3 What would suit me?
You should now have built up a realistic picture about what you want to achieve and what you have to offer and be able to match up all of these against some possible activities.
Here are some different ways to get you started:
Have another look at some of the statements in Section 1.3. These are just to get you thinking but you might identify with some of the volunteers.
There are excellent websites to help you match your interests, experience and personal circumstances to actual vacancies, so you might find it helpful to try inserting your personal specifications into any of the following websites using their drop-down menus.
There are other suggested sources of volunteering oportunities in this unit's references section.
You can insert preferred geographical area and availability, and select from drop-down menus of your type of interest and the kind of activity you would like to do, e.g. befriending, buddying, driving, legal work, artistic, etc.
2) Volunteering England
Volunteer Development Scotland
The sites list the main categories of voluntary work, such as animal welfare, arts and heritage, community development and campaigning, and health and social care (including sections relating to young people, elderly, disabled, etc.). There are also subcategories, e.g. for campaign volunteering, these include discrimination/human and civil rights, environment and conservation, and political parties. The Volunteering England site also contains volunteer blogs.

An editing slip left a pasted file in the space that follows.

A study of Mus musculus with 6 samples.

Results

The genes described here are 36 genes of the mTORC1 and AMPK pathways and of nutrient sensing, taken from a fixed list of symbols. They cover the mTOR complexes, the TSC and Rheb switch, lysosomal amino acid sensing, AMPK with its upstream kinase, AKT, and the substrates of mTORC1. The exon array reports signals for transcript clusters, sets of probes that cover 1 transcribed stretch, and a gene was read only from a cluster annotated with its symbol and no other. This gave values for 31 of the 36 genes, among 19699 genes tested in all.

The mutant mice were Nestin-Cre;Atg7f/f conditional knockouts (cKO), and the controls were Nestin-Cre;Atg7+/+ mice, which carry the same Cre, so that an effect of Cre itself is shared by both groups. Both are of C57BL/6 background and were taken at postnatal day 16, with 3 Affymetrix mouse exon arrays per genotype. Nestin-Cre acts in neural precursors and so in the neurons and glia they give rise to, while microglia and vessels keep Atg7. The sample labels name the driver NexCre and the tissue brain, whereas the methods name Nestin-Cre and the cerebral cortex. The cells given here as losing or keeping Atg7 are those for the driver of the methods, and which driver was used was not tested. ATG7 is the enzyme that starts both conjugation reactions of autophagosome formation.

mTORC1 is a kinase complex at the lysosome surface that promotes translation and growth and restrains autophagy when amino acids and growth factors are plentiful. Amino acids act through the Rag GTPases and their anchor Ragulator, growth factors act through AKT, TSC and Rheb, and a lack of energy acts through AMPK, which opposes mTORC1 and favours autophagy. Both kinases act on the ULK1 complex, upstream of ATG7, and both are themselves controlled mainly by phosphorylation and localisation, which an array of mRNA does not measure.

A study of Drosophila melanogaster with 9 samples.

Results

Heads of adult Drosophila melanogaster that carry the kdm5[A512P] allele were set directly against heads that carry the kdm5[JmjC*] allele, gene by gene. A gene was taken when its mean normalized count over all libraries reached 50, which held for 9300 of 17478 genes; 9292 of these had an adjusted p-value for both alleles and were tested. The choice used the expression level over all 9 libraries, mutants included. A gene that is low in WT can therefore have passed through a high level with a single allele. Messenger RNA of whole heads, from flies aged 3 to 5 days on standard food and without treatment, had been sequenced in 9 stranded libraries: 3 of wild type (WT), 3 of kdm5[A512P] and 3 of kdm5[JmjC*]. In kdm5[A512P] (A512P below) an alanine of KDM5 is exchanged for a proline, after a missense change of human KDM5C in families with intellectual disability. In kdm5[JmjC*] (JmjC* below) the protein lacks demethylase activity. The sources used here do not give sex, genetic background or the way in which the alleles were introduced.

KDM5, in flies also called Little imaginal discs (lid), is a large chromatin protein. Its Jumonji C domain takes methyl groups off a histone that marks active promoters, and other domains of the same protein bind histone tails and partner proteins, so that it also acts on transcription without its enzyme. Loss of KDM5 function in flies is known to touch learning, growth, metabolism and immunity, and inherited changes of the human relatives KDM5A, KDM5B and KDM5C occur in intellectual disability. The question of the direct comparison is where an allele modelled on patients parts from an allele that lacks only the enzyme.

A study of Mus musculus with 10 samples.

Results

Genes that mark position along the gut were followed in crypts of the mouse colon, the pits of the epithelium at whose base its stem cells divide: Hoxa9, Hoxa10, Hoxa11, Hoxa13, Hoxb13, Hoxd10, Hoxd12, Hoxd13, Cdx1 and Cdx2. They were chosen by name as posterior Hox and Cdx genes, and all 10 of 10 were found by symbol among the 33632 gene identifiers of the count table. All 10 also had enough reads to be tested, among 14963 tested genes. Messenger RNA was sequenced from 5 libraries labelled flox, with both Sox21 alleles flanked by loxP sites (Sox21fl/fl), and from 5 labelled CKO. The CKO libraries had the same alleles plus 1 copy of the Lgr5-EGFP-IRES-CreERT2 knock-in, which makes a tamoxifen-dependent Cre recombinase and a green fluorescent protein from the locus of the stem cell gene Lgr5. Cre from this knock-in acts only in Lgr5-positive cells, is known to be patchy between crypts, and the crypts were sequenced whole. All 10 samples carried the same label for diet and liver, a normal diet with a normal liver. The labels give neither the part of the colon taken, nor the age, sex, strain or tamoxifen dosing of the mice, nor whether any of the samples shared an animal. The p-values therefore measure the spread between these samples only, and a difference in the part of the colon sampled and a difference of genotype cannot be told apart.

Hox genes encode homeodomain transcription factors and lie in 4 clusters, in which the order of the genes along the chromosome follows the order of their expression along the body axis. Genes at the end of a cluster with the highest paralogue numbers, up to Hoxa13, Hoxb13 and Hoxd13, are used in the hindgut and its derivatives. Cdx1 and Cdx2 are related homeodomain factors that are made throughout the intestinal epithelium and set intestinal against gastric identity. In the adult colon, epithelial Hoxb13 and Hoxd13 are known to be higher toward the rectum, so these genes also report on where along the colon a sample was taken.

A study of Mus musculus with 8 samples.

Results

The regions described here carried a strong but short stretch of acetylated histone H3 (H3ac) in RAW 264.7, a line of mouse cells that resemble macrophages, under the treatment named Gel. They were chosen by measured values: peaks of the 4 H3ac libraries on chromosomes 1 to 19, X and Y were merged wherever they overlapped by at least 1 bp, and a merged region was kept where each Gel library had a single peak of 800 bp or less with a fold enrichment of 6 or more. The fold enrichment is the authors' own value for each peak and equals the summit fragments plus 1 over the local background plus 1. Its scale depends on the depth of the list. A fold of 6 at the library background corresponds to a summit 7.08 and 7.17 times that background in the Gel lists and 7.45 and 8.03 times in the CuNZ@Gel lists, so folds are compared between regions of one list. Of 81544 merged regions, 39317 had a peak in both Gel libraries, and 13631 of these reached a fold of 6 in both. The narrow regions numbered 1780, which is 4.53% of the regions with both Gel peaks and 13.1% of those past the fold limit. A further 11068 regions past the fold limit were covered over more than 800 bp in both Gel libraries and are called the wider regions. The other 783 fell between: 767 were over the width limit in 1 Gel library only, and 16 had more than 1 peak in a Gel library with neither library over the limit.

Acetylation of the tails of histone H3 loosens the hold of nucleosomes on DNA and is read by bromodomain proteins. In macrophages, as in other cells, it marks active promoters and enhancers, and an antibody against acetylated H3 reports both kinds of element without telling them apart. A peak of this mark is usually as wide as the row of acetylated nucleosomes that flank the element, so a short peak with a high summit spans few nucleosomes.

Search volunteer opportunities, mainly community-based. The drop-down lists of activities range from finance to entertainment and lists of interests from heritage to homeless and housing.
Websites of many charities also have drop-down lists of skills/interests, commitment level, location, and preferred role type, e.g. Sue Ryder Care and the RSPCA. Other charities such as CSV provide a range of activities to select from, for example supporting an at risk family or helping at a local school.
Most are very informative and user-friendly. They also widen your horizons about what type of work you can do. Many people never think beyond the fundraising aspect, but at the RSPCA, for example, volunteers can walk dogs at the local shelter, home-visit prospective adopters or do home-based computer work (updating the web or databases, etc).
5) Other organisations
Register your skills directly on an organisation's database and they’ll select appropriate activities for you. For example, the Rotary volunteers database includes individuals with a broad range of skills such as radio operators, solicitors, beekeepers, natural resource managers and plumbers.
There are opportunities to volunteer both locally and internationally. The Rotary Foundation has 32,000 clubs in 200 countries with 1.2 million members. Their role is to ‘serve communities both at home and abroad’.
6) Volunteer centres
You can visit your local volunteer centre to chat about what you might like to do with one of the volunteer coordinators, who will know all the opportunities in your area.
7) Case studies
You can find these on most large charity websites and the websites given above. They give a real insight into the volunteer’s activities and achievements. The Open University’s Careers Advisory Service website includes John Pierre-Madigan's story, which mentions the value of volunteering.